Director’s loansPosted 2016 by Chris Davies
I am often asked by clients what the implications are for borrowings from the company by directors or more accurately “Participators”.
The first issue is the benefit in kind of receiving a cheap loan. If the participator’s loans from the company exceed £10,000, and the participator is not charged interest by the company, then they will be assessed to a benefit in kind at the official rate of interest (currently 3% per annum) and pay tax, typically at 20% or 40% on that benefit. In most cases, it’s a fairly minimal figure. To avoid this charge the company should charge the participator at least 3% pa interest.
As a recap, if a shareholder takes a dividend from the company whilst subject to higher rates of tax, they will be assessed at higher rates of tax. So a dividend of £100,000 would result in a tax liability for a higher rate taxpayer of £32,500 and for an additional rate taxpayer of £38,100 (32.5% or 38.1% of the dividend respectively). That tax is payable by the shareholder personally.
How simple it would be, if rather then taking a dividend, the company could simply lend its participator money. Unfortunateley there are tax implications for the company in these circumstances.
If a participator takes a loan from the company, they have up to 9 months after the end of the financial year to pay it back. If they do repay it within that period, no tax is due. If they do not repay it within 9 months, then the company will have to pay tax on the loan at 32.5% of the amount outstanding. So if the company lent £100,000 and the participator did not repay it within 9 months of the end of the company’s financial year then the company would have to pay £32,500 additional corporation tax. If and when the loan is repaid after the 9 month period, HMRC will repay the tax to the company but it will involve a waiting period.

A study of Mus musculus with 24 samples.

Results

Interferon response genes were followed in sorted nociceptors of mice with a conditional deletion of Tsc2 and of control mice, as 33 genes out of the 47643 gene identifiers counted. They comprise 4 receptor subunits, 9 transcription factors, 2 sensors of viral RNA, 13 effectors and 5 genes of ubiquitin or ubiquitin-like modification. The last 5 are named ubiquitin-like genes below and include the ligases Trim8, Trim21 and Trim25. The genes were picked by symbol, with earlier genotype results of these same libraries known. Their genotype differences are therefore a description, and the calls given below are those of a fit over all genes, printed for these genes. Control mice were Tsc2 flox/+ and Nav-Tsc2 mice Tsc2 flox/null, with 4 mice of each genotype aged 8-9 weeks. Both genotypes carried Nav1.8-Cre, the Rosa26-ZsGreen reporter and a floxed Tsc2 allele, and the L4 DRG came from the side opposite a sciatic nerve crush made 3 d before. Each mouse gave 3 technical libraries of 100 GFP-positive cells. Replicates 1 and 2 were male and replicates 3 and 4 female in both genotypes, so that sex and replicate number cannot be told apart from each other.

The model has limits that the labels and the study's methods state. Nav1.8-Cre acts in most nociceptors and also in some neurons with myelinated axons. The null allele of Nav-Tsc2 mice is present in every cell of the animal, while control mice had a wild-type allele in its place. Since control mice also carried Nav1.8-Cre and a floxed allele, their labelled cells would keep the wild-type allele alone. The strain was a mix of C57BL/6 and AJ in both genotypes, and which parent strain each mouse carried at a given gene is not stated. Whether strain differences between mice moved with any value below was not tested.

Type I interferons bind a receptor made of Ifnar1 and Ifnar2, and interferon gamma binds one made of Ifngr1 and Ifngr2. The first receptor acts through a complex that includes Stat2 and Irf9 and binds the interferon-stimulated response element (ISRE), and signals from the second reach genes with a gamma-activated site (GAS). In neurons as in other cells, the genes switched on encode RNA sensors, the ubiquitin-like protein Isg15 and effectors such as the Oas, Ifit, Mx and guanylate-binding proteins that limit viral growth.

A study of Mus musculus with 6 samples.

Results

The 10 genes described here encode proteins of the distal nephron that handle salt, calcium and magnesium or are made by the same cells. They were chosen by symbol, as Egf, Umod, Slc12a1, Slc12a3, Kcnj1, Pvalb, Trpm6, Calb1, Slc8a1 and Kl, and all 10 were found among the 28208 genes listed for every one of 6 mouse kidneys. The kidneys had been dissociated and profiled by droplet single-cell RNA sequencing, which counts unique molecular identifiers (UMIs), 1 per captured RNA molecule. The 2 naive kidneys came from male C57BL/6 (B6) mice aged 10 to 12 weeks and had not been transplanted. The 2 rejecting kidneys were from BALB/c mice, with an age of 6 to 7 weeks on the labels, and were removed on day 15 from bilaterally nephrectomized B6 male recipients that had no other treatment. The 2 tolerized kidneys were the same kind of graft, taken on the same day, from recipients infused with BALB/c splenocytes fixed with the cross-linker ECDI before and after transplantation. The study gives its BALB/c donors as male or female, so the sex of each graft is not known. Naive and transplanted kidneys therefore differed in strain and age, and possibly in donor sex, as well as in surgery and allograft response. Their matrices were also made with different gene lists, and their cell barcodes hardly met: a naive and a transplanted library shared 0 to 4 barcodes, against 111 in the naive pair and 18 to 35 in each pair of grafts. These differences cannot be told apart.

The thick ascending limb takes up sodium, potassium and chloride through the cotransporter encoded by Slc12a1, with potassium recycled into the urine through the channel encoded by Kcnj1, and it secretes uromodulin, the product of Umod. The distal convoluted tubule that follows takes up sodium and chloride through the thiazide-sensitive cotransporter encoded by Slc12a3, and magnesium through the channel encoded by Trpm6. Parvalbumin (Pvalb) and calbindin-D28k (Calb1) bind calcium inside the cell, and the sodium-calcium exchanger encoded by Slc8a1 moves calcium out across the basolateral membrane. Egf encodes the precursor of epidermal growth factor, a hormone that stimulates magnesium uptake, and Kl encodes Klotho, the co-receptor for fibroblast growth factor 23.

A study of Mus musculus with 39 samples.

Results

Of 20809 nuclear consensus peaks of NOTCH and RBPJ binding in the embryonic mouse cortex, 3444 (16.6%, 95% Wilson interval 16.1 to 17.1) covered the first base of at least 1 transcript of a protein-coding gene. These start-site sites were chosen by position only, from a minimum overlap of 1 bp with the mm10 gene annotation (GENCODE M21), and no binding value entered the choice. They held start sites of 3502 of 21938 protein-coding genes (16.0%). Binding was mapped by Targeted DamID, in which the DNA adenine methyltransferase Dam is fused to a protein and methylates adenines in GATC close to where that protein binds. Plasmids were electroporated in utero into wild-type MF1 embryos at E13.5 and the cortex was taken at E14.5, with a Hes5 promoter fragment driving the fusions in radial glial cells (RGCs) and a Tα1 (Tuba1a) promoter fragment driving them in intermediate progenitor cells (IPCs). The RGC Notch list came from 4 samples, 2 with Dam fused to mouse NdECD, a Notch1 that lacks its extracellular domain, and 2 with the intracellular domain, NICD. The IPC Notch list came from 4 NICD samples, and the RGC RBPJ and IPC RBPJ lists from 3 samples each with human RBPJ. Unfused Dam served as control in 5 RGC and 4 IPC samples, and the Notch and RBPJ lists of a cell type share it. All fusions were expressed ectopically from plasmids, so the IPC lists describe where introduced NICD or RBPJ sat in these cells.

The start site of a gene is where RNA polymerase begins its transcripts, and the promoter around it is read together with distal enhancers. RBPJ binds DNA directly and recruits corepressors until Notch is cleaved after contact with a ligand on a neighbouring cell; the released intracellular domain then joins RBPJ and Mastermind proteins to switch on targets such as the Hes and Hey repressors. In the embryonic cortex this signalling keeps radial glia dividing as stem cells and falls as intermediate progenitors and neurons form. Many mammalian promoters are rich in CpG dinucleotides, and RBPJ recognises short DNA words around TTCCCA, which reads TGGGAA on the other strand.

So for most higher rate taxpayers the amount of tax (ie 32.5%) collected by HMRC is the same, it’s just who pays the tax that is different. Clearly most participators would prefer the company to pay the tax rather than themselves.
As a note of warning HMRC have rules to prevent participators from being tempted to repay the loan shortly before the end of the 9 months and then redrawing it again later shortly afterwards. It has to be a genuine repayment.
A downside of the loan route is that if the company should go into liquidation the liquidator could seek to recover the loans due to the company, whereas if the participator had been paid money from the company in legally declared dividends it would have been theirs to keep.